Diaper Sizing and More
How do I know my peanut is ready to bump up a size?
You'll probably notice the obvious clues: The side tabs are popping open, the leg bands feel supertight, or her diaper resembles an itsy-bitsy bikini, falling an inch or more below her belly button. Leakage issues also can mean it's time to go larger, Higgins says. Sizing is based chiefly on a baby's weight, and "as you move into the larger sizes, the diapers have more absorbent materials," Higgins says.
What do I do with all of my extra diapers?
You ordered a case of size 2s for your little dude, but six diapers in, he's busting out of them. You could pass your surplus along to a friend or donate them to women who could really use them. "For so many moms in need, diapers are like gold," says Lisa Truong, cofounder and executive director of Help a Mother Out, a nonprofit that's devoted to increasing access to diapers. "Programs like food stamps help families with food, but they don't allow those in need to purchase diapers. Without them, babies can suffer from severe rash, urinary tract infections, even jaundice." What's more, a baby may miss out on free or subsidized child care if his parents don't have the means to buy diapers, says Truong, because most day cares require a steady supply to keep a child enrolled. Last year, Huggies launched Every Little Bottom, which has donated more than 22.5 million diapers to children in need. Visit EveryLittleBottom.com to locate a diaper bank in your community or to give to agencies that distribute diapers. And you can also host a diaper drive; get more details at HelpAMotherOut.org.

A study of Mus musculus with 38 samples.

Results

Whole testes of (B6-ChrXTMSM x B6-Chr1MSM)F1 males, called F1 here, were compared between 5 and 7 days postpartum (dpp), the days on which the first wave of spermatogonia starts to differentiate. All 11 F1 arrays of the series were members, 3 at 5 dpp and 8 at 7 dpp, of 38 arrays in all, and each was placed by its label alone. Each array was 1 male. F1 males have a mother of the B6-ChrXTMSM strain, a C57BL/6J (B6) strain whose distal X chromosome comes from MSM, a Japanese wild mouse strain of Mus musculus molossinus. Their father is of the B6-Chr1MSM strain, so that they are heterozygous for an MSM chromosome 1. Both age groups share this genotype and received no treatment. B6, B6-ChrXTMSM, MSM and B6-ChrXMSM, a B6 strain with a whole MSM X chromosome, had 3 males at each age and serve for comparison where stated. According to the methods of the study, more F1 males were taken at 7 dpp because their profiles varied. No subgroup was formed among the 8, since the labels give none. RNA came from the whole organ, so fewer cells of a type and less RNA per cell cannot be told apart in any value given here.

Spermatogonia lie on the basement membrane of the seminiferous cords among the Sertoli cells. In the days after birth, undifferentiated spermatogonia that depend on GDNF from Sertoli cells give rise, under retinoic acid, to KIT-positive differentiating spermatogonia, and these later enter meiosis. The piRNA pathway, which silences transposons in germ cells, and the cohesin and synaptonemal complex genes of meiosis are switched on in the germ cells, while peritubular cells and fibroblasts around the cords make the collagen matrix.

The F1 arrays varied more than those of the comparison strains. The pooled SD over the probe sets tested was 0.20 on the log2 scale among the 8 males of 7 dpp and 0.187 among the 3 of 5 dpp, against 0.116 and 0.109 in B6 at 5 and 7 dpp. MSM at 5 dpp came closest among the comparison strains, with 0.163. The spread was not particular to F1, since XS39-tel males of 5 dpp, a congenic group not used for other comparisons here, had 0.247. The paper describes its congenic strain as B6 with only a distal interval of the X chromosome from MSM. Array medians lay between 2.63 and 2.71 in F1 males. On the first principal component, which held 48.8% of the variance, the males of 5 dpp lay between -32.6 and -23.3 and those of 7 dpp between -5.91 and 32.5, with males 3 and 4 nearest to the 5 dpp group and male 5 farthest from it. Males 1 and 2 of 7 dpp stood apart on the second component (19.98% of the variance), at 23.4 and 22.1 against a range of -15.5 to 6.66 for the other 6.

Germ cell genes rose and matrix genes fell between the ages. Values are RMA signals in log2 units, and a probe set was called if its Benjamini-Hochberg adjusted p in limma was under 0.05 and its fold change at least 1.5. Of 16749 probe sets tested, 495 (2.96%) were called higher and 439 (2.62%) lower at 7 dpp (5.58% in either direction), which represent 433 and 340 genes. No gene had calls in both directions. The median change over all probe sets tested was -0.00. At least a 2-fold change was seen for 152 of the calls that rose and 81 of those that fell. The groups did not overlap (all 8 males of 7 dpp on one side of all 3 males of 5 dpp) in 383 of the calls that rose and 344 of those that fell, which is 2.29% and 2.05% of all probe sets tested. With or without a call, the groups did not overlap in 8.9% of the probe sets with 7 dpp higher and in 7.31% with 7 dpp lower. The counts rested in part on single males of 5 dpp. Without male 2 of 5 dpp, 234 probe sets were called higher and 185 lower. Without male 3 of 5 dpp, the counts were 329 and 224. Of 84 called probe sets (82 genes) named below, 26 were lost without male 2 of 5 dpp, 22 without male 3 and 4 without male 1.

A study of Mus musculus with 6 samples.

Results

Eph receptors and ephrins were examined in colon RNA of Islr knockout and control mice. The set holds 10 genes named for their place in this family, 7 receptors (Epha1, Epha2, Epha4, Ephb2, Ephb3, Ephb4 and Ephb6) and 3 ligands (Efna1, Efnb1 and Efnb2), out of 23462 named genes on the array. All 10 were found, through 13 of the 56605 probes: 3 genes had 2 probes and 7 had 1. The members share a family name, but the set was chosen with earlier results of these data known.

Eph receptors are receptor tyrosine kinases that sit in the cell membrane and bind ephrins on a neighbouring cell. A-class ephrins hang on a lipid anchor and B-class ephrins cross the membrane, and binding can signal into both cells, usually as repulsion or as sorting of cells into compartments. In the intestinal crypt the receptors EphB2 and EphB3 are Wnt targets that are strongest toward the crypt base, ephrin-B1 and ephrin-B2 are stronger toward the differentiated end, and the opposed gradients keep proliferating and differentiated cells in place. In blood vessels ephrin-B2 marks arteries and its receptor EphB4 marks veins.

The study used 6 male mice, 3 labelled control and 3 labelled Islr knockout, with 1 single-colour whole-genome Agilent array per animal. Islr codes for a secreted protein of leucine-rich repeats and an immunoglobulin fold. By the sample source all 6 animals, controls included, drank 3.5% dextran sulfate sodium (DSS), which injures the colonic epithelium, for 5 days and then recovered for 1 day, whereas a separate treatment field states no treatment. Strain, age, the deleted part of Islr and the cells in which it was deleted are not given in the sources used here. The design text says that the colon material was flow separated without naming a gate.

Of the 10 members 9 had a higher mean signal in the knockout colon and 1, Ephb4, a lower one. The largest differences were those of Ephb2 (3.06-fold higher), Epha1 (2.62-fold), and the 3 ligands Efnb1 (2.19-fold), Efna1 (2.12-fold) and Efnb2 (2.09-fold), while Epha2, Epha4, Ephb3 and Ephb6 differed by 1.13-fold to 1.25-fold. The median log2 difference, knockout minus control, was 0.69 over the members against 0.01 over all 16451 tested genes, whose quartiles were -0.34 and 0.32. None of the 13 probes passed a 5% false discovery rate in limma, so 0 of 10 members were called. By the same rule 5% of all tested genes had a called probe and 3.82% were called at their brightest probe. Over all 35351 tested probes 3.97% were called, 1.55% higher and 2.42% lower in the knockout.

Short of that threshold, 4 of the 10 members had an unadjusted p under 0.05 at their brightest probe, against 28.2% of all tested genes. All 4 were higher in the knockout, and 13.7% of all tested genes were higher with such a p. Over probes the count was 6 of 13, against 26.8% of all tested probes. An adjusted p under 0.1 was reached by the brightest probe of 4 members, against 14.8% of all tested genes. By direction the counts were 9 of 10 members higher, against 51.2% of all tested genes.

Will cloth or disposable diapers help my munchkin graduate to Superman underpants sooner?
"In the U.S., where disposables are the norm, potty training starts later than in countries where infants wear cloth diapers or no diapers at all," says L.E. Wolovits, M.D., a pediatrician and founder of At Home Pediatrics in Dallas, and mom of a 1-year-old. But that doesn't necessarily mean that kids using cloth diapers take to the toilet earlier. Cultural norms are a big contributor. "In some places, earlier potty training is seen as a part of being a good mother," says Lauren Thaman, associate director of global science communication for Pampers. So in countries such as India, where fewer than 5 percent of mothers work outside the home and kids have so much hands-on time with their mom, it's not surprising that 55 percent of tots are toilet trained by 18 months; whereas in the U.S., only 3 percent have ditched diapers by that age. The American Academy of Pediatrics recommends waiting until your child starts showing signs of readiness, such as staying dry for at least two hours in the day or after naps and expressing interest in the toilet -- this usually happens between 18 and 24 months. Once you begin, remember these two words: patience and motivation. Emphasize that accidents happen and keep your eye on the prize: big-kid underpants or stickers for your cutie, no more changing diapers for you!